This article is part of the supplement: Proceedings of Delivery Systems and Current Strategies to Drug Design

Open Access Proceedings

Pilot scale production of the vaccine adjuvant Proteoliposome derived Cochleates (AFCo1) from Neisseria meningitidis serogroup B

Caridad Zayas1*, Domingo González1, Reinaldo Acevedo1, Judith del Campo1, Miriam Lastre1, Elizabeth González1, Belkis Romeu1, Maribel Cuello1, Julio Balboa1, Osmir Cabrera1, Luisa Guilherme2 and Oliver Pérez1

Author Affiliations

1 Finlay Institute. Ave. 27 No. 19805, La Lisa. Havana, Cuba. AP. 16017, CP11600

2 Heart Institute (InCor) of Sao Paulo, Brazil


Published: 25 February 2013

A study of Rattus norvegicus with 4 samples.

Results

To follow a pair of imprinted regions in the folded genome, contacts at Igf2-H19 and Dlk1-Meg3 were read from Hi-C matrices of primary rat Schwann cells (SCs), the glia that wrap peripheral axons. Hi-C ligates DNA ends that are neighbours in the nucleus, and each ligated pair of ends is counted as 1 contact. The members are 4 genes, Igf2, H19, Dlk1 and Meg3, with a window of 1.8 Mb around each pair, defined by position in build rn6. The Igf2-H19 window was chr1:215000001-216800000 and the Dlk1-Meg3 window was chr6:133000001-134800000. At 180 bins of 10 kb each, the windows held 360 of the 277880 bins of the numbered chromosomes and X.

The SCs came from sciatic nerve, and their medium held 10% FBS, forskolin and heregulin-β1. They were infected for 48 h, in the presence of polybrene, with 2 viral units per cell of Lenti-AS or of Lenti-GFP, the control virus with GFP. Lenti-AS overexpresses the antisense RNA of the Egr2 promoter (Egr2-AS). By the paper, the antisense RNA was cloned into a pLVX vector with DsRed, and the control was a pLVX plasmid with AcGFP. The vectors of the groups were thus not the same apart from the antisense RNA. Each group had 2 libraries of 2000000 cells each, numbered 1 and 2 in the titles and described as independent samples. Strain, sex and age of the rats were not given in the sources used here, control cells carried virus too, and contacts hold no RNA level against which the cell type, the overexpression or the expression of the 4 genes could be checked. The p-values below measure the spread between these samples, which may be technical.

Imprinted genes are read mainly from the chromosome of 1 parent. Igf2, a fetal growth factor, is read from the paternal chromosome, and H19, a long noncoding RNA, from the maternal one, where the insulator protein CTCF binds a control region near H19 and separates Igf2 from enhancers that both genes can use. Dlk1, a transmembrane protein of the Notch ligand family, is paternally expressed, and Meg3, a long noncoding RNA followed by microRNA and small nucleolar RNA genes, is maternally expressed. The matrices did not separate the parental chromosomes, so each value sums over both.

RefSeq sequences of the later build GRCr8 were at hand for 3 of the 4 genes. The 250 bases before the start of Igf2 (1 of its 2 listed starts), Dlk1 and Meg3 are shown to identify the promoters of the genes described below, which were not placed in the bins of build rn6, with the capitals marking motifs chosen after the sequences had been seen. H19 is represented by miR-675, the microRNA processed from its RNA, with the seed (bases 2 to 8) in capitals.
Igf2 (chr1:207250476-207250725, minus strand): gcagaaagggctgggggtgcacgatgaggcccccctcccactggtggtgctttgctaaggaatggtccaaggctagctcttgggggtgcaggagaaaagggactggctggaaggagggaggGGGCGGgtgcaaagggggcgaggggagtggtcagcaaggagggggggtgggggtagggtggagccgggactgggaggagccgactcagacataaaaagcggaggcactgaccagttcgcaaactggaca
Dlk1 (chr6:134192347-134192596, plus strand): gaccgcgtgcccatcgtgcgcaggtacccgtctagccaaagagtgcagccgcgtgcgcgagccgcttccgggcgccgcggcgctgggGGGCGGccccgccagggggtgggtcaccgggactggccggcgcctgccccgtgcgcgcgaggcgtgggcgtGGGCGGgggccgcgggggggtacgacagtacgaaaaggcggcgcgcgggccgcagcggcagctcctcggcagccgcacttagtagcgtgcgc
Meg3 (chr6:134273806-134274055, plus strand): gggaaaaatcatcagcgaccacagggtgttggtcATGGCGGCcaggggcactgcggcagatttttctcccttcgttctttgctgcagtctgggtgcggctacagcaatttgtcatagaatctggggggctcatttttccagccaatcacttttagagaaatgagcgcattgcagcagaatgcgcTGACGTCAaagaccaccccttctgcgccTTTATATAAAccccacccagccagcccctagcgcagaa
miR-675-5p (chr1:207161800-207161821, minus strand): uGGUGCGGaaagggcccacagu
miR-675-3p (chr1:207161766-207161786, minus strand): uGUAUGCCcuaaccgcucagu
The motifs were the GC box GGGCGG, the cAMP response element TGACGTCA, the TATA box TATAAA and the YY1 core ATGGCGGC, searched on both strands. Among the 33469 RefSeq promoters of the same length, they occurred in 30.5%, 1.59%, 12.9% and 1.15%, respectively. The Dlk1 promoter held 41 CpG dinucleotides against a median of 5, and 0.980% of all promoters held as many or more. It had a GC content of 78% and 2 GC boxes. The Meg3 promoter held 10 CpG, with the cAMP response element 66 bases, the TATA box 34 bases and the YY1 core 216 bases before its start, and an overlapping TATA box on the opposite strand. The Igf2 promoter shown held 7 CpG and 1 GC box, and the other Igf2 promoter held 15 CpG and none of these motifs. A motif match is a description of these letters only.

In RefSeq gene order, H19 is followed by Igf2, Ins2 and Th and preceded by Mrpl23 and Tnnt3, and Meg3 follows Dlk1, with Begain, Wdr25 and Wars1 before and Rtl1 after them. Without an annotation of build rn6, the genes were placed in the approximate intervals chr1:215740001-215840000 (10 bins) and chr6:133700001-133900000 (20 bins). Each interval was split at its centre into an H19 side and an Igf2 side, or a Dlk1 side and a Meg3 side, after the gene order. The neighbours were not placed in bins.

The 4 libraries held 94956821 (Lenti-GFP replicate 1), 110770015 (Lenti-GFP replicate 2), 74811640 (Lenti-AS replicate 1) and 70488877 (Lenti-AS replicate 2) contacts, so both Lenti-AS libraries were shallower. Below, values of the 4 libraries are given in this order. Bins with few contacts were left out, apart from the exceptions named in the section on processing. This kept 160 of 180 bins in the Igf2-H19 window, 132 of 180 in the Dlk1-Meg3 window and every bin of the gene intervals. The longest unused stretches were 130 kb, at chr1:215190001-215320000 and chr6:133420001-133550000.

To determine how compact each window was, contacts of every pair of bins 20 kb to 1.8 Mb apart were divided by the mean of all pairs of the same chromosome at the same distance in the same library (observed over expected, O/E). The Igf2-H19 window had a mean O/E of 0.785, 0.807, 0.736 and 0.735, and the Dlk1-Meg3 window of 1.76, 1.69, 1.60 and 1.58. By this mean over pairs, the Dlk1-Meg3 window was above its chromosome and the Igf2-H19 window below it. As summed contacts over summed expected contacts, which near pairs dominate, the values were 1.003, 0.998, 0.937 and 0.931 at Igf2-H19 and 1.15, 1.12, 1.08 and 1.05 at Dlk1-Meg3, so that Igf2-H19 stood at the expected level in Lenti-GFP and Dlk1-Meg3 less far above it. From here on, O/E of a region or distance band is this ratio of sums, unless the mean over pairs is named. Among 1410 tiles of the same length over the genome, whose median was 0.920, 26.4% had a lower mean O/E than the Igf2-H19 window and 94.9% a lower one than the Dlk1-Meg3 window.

The use of new adjuvants in vaccine formulations is a subject of current research. Only few parenteral adjuvants have been licensed. We have developed a mucosal and parenteral adjuvant known as AFCo1 (Adjuvant Finlay Cochleate 1, derived from proteoliposomes of N. meningitidis B) using a dialysis procedure to produce them on lab scale. The immunogenicity of the AFCo1 produced by dialysis has been already evaluated, but it was necessary to demonstrate the feasibility of a larger-scale manufacturing process. Therefore, we used a crossflow diafiltration system (CFS) that allows easy scale up to obtain large batches in an aseptic environment. The aim of this work was to produce AFCo1 on pilot scale, while conserving the adjuvant properties. The proteoliposomes (raw material) were resuspended in a buffer containing sodium deoxycholate and were transformed into AFCo1 under the action of a calcium forming buffer. The detergent was removed from the protein solution by diafiltration to a constant volume. In this CFS, we used a hollow fiber cartridge from Amicon (polysulfona cartridge of 10 kDa porosity, 1mm channel diameter of fiber and 0.45 m2 area of filtration), allowing production of a batch of up to 20 L. AFCo1 were successfully produced by tangential filtration to pilot scale. The batch passed preliminary stability tests. Nasal immunization of BALB/c mice, induced specific saliva IgA and serum IgG. The induction of Th1 responses were demonstrated by the induction of IgG2a, IFNγ and not IL-5. The adjuvant action over Neisseria (self) antigens and with co-administered (heterologous) antigens such as ovalbumin and a synthetic peptide from haemolytic Streptococcus B was also demonstrated.